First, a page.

It’s a role that now seems like it’s from a bygone era, but as businesses reshape themselves after the pandemic, the humble secretary may be more valuable than ever, writes Shane Rodgers


It was perhaps the least secure role in the television world.

In the end, the show coincided with the final decade of the so-called golden age of the secretary, before this most iconic of roles became too associated with old-school language, stereotypes, and an analogue world.

And, fairly quickly, the march of personal computers, portable printers and email made the role less defined as taking down a memo, typing up a letter and fetching a coffee for someone became harder to justify in workplaces.

In Australia, the decline in the number of workers who identify as a secretary is stark. In the 2006 Census there were 94,403 secretaries. By the 2016 Census this had fallen to 43,146.

During the same period, the number of “personal assistants” grew marginally from 44,000 to 52,500. But if you combine both roles based on a morphing of terminology, there was still a net reduction of more than 40,000 roles over just 10 years.

According to United States labour force data, the golden age of the secretary was from 1960 to 2000 when the number of people in the role grew from 260,000 to 1.5 million. In contrast, if you combine secretary and administrative assistant roles, there has been a decline of 1.6 million positions since 2000.

These days Murphy Brown may struggle to fill the quota.

There is nothing unusual in roles rising and falling, even disappearing, in a world of constant change. Equally the way we describe positions will inevitably change as language wears out and paper boys become media distribution officers.

However, in the case of administrative roles, the change reflects an ongoing dilemma in workplaces around the broader issue of how these positions should work in the age of high technology.

The issue has become a hot talking point again in the pandemic environment as offices are depopulated and companies debate the most efficient way to keep spaces functional, roles supported and the workforce happy.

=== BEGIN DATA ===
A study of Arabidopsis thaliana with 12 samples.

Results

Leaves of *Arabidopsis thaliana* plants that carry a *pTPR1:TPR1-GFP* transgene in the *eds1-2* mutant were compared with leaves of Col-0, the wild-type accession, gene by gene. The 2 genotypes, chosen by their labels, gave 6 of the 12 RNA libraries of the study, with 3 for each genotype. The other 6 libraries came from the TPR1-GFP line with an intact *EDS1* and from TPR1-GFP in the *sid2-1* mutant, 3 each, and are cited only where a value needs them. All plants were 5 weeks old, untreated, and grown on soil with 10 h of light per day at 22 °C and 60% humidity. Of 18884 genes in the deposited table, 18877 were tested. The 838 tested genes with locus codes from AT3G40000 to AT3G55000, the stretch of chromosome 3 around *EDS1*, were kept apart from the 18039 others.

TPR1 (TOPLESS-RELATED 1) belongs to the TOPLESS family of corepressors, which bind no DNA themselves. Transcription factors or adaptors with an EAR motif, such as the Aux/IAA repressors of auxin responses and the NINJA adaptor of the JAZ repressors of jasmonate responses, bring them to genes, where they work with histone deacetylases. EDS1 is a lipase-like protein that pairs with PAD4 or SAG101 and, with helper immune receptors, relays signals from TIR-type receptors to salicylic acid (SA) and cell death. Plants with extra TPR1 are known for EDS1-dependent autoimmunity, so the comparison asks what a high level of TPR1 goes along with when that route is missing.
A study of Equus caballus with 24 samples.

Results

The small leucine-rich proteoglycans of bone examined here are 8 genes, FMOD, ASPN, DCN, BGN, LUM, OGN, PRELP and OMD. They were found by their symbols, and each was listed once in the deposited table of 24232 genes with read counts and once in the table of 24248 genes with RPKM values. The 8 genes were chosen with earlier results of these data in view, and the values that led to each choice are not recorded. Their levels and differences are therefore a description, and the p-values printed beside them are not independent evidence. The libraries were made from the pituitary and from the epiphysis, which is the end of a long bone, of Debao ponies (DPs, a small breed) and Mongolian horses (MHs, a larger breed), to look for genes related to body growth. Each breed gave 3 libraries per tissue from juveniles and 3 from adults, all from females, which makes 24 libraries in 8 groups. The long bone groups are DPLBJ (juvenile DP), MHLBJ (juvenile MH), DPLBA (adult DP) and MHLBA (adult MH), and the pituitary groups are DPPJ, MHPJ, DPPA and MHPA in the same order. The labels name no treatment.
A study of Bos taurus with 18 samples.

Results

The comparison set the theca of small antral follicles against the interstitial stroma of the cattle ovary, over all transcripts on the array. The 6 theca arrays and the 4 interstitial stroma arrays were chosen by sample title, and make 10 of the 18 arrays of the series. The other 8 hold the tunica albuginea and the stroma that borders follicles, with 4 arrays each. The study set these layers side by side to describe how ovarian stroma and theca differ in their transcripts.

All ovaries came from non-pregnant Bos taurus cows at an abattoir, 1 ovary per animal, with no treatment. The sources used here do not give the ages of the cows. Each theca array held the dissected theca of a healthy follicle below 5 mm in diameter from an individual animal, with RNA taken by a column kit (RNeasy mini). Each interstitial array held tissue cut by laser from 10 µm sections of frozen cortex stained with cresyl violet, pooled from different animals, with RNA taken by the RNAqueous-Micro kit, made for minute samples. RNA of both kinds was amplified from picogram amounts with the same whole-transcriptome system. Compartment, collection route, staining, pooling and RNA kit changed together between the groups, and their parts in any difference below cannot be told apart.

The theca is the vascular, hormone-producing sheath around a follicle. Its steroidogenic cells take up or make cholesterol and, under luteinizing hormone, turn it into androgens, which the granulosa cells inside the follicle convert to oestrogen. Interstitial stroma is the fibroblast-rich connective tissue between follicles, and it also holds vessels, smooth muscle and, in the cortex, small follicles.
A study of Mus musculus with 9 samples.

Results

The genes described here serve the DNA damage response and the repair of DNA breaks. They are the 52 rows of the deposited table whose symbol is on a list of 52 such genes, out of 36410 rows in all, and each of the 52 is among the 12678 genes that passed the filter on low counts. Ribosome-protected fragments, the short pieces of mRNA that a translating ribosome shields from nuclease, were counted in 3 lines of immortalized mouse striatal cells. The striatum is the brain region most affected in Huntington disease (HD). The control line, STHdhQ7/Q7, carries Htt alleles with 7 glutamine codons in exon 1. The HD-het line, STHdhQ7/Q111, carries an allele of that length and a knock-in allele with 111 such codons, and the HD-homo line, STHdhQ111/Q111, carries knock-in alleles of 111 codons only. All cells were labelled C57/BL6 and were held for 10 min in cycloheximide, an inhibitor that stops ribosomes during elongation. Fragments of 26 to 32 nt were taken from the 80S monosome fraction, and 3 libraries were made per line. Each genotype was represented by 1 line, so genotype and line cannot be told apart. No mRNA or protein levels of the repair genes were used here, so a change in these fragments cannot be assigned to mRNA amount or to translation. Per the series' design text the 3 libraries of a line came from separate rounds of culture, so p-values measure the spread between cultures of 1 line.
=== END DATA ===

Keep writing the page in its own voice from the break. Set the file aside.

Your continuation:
I remember reading a US study done a few years after an economic downturn in the 1990s when tens of thousands of administrative jobs were stripped from corporate America.

One of the take-outs from the study was that high-paid professionals had quickly, and out of necessity, learnt to type their own letters, empty their own bins, and book their own travel. Tick.

On the downside, they were often really slow and clunky doing it. In some cases, this meant companies were paying a very high hourly rate for someone to inefficiently do basic tasks that were previously performed efficiently by someone on a much lower salary.

Therein lies the problem.

On paper, personal technology lifts our individual productivity. But at what point does the net gain become fully lost when we build low skill tasks into the requirements of roles with very high-cost skills?

Almost everywhere I have worked there has been debate around who should clear the kitchen (often the answer is everybody, but it regularly falls to a dedicated few, particularly when there is a dishwasher involved).

Increasingly there is discussion around which jobs can justify a personal or executive assistant. Often this is inconsistent within organisations based on history, how budgets are allocated and the work preferences of high-value managers.

There is logic in pooling administrative roles in some companies, but this is often based on an assumption that all admin is the same. Often the skills are quite different and the people performing them can be the holders of some of the organisation’s most valuable, specialised, corporate knowledge.

As we grapple with how to reimagine our office environments in the world of hybrid and work-anywhere workplaces, there will be appetite for a full re-examination of the basics of how organisations best function.

This will require some role redesign and a fresh examination of the very nature of productivity and the most efficient way to achieve output that is genuinely cost effective.

When Former US Secretary of State Hillary Clinton guest starred on the 2018 reboot of Murphy Brown as an applicant to be Brown’s secretary, she offered that for four years she was “secretary of a very large organisation”.

That may be taking overqualified a little too far, but it also demonstrates that the term secretary still has cred (although in later episodes they renamed the role to “assistant”).

Shane Rodgers is a business executive, writer, strategist and marketer with a deep interest in what makes people tick and the secret languages of the workplace.